Every child and young person has the right to education. 1 in 5 children and young people need some kind of extra support for their learning.
Inclusive education is about making sure all children can take part in school, learn and achieve, whatever their needs or differences.
Disability and learning support is about providing the extra support some children need to belong and achieve in education.
A workforce of around 94,000 school teachers, early learning teachers, teacher aides, principals, specialist teachers, Resource Teachers: Learning and Behaviour (RTLB), and specialist staff (e.g. speech-language therapists, psychologists, physiotherapists and occupational therapists) work hard to contribute to providing learning support.
More than $1 billion is spent each year on learning support. How this money is allocated is complex. Funding has not kept pace with demand and waiting times for services have increased.
What people tell us
We’ve heard from children and young people, parents and whānau, and others in the disability and education sector with concerns about how effective the current system is.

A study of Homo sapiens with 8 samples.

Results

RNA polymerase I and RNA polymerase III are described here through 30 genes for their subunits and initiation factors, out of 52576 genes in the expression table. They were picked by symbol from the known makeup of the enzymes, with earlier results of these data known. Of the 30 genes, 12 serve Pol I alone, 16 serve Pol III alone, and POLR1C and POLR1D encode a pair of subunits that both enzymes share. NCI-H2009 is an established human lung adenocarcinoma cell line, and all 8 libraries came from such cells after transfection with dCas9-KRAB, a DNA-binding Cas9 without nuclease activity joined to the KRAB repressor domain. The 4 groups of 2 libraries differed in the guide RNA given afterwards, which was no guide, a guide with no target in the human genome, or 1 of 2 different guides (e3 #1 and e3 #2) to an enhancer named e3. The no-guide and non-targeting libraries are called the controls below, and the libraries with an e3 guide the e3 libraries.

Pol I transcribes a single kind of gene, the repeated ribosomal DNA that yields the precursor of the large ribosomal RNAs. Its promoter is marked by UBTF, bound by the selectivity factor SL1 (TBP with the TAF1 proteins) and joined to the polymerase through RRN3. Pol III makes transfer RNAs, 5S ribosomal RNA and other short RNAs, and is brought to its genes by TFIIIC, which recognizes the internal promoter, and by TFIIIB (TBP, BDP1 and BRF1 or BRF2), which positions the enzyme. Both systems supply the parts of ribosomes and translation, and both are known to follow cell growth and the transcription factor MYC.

- In 2017, over 42% of disabled young people aged 15 to 24 were not in employment, education or training.
- People with learning differences whose needs were never identified or not identified early enough are more likely to be dependent on benefits, experience mental health issues, or be in prison.
- Some parents of children who need extra support report that their child has been discouraged from enrolling at their local school, is not allowed to attend full school hours, or has been excluded from activities outside the classroom.
- Teachers and support workers find it challenging to support children and young people with complex behaviour and learning needs whilst meeting the needs of all learners in the classroom.
- The current system has evolved over many years. As a result it has become increasingly complex, slow and difficult to navigate.
- There are gaps in support for those children and young people who do not meet the criteria for high needs support.
- Children with dyslexia, dyspraxia and autism spectrum disorder do not always have their needs recognised and have difficulty accessing the services they need.
- Teachers do not get enough guidance to support these students in the classroom.